A VESSEL FOR THE LONG CRUISE
Jam-packed with luxury items, the Kluger Grande sails along the freeway
Luxury car tax is paid by buyers of luxury cars, right? Not so fast. Toyota buyers pay more than most because the brand makes some very expensive SUVs, headed by the Prado and LandCruiser, which can cost between $80,000 and $120,000. Our road test car also attracts LCT — the Toyota Kluger Grande is more than $70,000. So how does it cut it as a luxury cruiser?
The sticker shock is somewhat soothed by the amount of equipment Toyota jams into the Grande. There’s leather all-round, including padding on the dash and around the doors, while the front seats are heated, ventilated and power adjustable. A power tailgate makes loading shopping bags easier, although it beeps like a reversing truck for the entire time it’s opening and closing.
Technology includes digital radio, built-in satnav with speed and school zone warnings as well as live traffic updates, Bluetooth audio streaming and — for the kids — a rear entertainment unit with a nine-inch screen, a couple of sets of headphones and a Blu-ray/SD card reader. The aircon can be controlled separately for front and rear passengers and the Toyota Link app can find cheap fuel, give you weather forecasts, search for restaurants and connect you with an operator for other services, including roadside assistance. Notable omissions are Apple CarPlay or Android Auto and front parking sensors, the parking brake is foot-operated and it can’t reverse park itself.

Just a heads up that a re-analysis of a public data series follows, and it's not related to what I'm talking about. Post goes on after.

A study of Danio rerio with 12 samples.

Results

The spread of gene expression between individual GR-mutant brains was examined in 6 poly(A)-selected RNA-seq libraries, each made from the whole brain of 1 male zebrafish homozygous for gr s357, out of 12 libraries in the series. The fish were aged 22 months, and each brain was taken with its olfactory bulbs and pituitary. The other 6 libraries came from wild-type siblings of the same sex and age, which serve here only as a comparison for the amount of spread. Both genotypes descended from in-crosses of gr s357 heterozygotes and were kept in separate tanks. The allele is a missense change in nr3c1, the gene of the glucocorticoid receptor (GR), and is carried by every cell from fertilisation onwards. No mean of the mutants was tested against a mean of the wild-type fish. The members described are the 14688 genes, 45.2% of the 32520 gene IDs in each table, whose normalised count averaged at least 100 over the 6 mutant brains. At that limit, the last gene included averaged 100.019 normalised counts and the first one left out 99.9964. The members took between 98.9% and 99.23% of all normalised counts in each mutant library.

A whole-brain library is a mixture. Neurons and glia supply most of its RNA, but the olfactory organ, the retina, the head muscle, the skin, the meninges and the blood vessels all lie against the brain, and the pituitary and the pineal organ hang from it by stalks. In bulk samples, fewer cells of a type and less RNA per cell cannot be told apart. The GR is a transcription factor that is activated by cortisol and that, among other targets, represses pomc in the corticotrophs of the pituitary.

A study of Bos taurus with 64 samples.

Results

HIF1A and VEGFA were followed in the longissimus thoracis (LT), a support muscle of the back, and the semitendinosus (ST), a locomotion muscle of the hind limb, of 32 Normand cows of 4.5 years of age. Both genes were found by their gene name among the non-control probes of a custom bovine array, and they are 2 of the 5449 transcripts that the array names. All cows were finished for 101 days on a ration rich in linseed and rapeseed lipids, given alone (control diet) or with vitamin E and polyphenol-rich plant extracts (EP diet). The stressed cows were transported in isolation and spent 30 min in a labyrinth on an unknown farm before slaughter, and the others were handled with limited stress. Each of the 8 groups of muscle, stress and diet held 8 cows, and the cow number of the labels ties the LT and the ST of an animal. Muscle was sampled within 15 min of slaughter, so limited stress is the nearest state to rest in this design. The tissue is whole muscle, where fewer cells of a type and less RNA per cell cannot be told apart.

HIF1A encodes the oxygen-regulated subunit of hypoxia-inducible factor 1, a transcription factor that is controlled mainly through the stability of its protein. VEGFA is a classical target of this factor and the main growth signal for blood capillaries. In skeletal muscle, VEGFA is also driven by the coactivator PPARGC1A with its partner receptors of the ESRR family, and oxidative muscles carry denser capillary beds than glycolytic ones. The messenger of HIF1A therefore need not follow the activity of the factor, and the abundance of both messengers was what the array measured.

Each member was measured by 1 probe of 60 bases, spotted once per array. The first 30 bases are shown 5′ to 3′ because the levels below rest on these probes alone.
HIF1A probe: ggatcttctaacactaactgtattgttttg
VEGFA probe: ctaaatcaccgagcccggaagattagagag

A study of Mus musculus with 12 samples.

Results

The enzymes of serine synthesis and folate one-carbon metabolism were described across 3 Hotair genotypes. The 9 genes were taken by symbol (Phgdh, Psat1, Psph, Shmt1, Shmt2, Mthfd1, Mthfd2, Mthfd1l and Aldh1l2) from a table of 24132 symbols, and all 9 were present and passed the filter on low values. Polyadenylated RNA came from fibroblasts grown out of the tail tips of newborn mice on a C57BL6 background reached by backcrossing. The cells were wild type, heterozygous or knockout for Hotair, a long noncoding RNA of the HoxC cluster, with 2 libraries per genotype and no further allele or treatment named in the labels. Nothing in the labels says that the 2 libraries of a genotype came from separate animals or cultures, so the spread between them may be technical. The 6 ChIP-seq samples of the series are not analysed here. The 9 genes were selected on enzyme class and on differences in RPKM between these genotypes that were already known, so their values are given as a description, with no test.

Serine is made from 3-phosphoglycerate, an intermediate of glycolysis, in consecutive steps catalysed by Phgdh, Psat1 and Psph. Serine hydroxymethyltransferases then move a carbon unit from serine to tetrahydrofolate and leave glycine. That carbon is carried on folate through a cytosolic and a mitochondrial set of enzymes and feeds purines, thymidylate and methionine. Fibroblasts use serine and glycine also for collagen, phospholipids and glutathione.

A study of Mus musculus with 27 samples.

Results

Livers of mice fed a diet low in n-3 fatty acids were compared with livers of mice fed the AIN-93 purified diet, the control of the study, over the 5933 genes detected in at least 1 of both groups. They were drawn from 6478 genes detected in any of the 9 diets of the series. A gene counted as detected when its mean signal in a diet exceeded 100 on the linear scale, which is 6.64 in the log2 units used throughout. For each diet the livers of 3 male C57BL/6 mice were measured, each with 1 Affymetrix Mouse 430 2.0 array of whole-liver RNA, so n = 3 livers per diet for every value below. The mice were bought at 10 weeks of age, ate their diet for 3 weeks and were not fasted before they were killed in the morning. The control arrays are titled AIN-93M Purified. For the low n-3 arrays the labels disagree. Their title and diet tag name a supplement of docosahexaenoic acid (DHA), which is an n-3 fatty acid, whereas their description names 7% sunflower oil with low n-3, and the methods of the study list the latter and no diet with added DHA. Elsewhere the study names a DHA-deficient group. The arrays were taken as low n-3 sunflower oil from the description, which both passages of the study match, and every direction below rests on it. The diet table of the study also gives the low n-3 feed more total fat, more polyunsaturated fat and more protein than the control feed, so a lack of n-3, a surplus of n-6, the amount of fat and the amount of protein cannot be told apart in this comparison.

Toyota knows how to make a family freeway cruiser and the Kluger is supremely comfortable on the open road. The seats are supportive, rear leg and headroom are good and the third-row seats are a decent size for kids, with easy access through the sliding and folding middle row.
On hot days, there are handy window shades, while the rear seats will recline. The aircon, even on a midsummer day in the outback, can make it feel like the Arctic. Storage spaces are generous — the centre console bin can fit a couple of twolitre bottles and there’s a lockable glovebox.
The suspension is built for comfort as well, soaking up most back-road hits with ease (there is a tendency to float over larger bumps) while the cabin is hushed and free from vibrations.
The array of driver assistance features is as comprehensive as you’d expect of a family car in this price range. There are blind spot and lane departure warnings. There’s also a reverse cross traffic alert that helps when you’re backing out of driveways and carpark spots.
On the freeway, the Grande automatically keeps a safe distance to the car ahead. At lower speeds it will slam on the brakes to avoid or mitigate a crash.
Recent engine revisions yield more power and a new eight-speed transmission delivers better fuel consumption on the open road. Engine noise is well muted and the gearshifts are smooth and swift. In town the Kluger is big, heavy, with a large turning circle, and thirsty — up around the mid-teens in heavy traffic. There’s no stop-start or cylinder cut-out and no diesel option — be prepared for frequent refilling.